It’s been an enthralling journey.
West Hartlepool Rugby Club has a history which stretches back to the 1800s and to some fascinating matches.
Chris Cordner takes a look back at the early years.
When it all started may date back to 1876 in some people’s eyes, or perhaps October 28, 1878, when players such as Brigham, Roddam, Armstrong and Smurthwaite graced the pitch.
Whenever it was, it was the start of a West Hartlepool team which played in the next couple of seasons before disbanding when one player - J. Warwick - suffered a serious injury.
A team called West End Wanderers then emerged and they eventually played at Foggy Furze on a ground known for being swampy in wet conditions and bare in the dry.
The highlight of the season was West’s only meeting with the BarbariansHartlepool Mail reporter
Then came a first meeting with Hartlepool Rovers on October 8, 1881. The game was played for the benefit of the Hartlepool’s hospital. After two periods of 15 minutes and two of 20 minutes, the game was still scoreless.
The early days were hit by another lay-off in 1882 and only the occasional game was played.
But a meeting in Steine’s Hotel in Mainsforth Terrace elected WH Humphreys as captain, and Bob Martin and George Balmer as joint secretaries.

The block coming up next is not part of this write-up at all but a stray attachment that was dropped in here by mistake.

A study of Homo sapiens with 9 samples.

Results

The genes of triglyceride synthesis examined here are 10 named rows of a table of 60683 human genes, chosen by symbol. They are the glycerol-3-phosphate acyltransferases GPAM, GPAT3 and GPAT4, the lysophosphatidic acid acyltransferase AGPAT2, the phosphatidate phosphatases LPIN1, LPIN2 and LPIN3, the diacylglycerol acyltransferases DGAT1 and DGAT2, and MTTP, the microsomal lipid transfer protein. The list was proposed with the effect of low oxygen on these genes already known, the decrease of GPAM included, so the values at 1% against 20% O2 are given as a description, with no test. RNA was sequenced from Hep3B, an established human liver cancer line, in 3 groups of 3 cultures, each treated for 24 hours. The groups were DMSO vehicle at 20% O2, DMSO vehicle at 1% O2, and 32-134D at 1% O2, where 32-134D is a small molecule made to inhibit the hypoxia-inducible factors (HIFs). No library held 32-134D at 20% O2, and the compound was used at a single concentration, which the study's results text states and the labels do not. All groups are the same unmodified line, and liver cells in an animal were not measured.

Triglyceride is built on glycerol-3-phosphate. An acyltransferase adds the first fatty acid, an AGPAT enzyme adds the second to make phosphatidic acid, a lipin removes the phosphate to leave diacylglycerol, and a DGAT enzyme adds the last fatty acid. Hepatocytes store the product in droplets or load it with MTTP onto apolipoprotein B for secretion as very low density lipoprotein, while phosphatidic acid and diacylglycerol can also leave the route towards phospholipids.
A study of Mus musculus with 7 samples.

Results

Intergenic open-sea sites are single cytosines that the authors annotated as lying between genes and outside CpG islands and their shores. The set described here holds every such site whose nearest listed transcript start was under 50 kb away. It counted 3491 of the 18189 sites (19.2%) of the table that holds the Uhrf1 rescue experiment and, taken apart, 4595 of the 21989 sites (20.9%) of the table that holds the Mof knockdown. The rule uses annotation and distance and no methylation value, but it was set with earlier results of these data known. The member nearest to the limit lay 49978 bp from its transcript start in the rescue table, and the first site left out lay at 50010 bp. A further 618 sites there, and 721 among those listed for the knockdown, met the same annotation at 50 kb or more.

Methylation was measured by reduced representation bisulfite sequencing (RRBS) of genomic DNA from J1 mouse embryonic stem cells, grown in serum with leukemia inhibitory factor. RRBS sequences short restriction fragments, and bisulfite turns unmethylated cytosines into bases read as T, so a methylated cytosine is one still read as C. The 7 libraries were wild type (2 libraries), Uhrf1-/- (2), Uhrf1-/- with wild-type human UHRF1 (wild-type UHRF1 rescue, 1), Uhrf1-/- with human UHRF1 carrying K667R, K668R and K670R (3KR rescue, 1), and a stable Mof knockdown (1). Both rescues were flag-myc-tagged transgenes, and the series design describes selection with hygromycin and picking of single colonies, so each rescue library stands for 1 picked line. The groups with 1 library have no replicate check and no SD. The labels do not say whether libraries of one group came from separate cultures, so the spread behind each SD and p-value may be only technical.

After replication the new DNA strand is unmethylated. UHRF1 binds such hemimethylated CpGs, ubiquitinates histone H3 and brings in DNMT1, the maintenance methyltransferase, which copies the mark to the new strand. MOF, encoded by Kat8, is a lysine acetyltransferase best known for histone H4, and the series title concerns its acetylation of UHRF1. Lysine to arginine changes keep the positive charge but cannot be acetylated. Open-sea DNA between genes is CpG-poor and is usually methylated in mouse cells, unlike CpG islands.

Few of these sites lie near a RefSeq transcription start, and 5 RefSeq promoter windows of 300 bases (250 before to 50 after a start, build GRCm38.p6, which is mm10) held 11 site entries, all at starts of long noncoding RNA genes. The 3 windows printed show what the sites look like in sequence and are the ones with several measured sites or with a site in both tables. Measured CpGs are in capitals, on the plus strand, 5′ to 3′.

George was known as something of a poet and penned about the year when West would win the cup for the first time.
It happened within a year and at a time when change was happening again.
West lined up a new venue at a site called The Tips. It had mounds, depressions, gardens, pig sties and poultry houses on it, as well as a quarry at one end.
The quarry was eventually filled in and the ground was acquired.
It was around this time that West first began to enter the Durham Cup but local derbies were the real crowd-puller.
Up to 10,000 people would get along. Things were on the up with West player Sammy Murfitt representing both Durham and England in the mid 1890s.
West made their first Senior Cup final appearance in 1894-95 when they lost 3-0 to South Shields.
Over the next 10 years, fortunes improved and the club won its first cup against Tudhoe 6-3 with a late Jack Taylor drop kick winning the match.
They became a formidable outfit, and had one of their finest moments when they beat the Barbarians 25-4 in 1902.
As well as West’s matches, the ground also became a regular venue for Durham County matches.
West went international enjoyed a flavour of France in exchange visits with Stade Francais.
But more change was on the way as fortunes took a dip in 1907.
The ground was in dire need of repair and the decision was taken to disband. Most of the players went to Greatham and West only returned in 1911, back at Foggy Furze.
But they were straight back in the Senior Cup with almost all the Greatham team available. More tomorrow.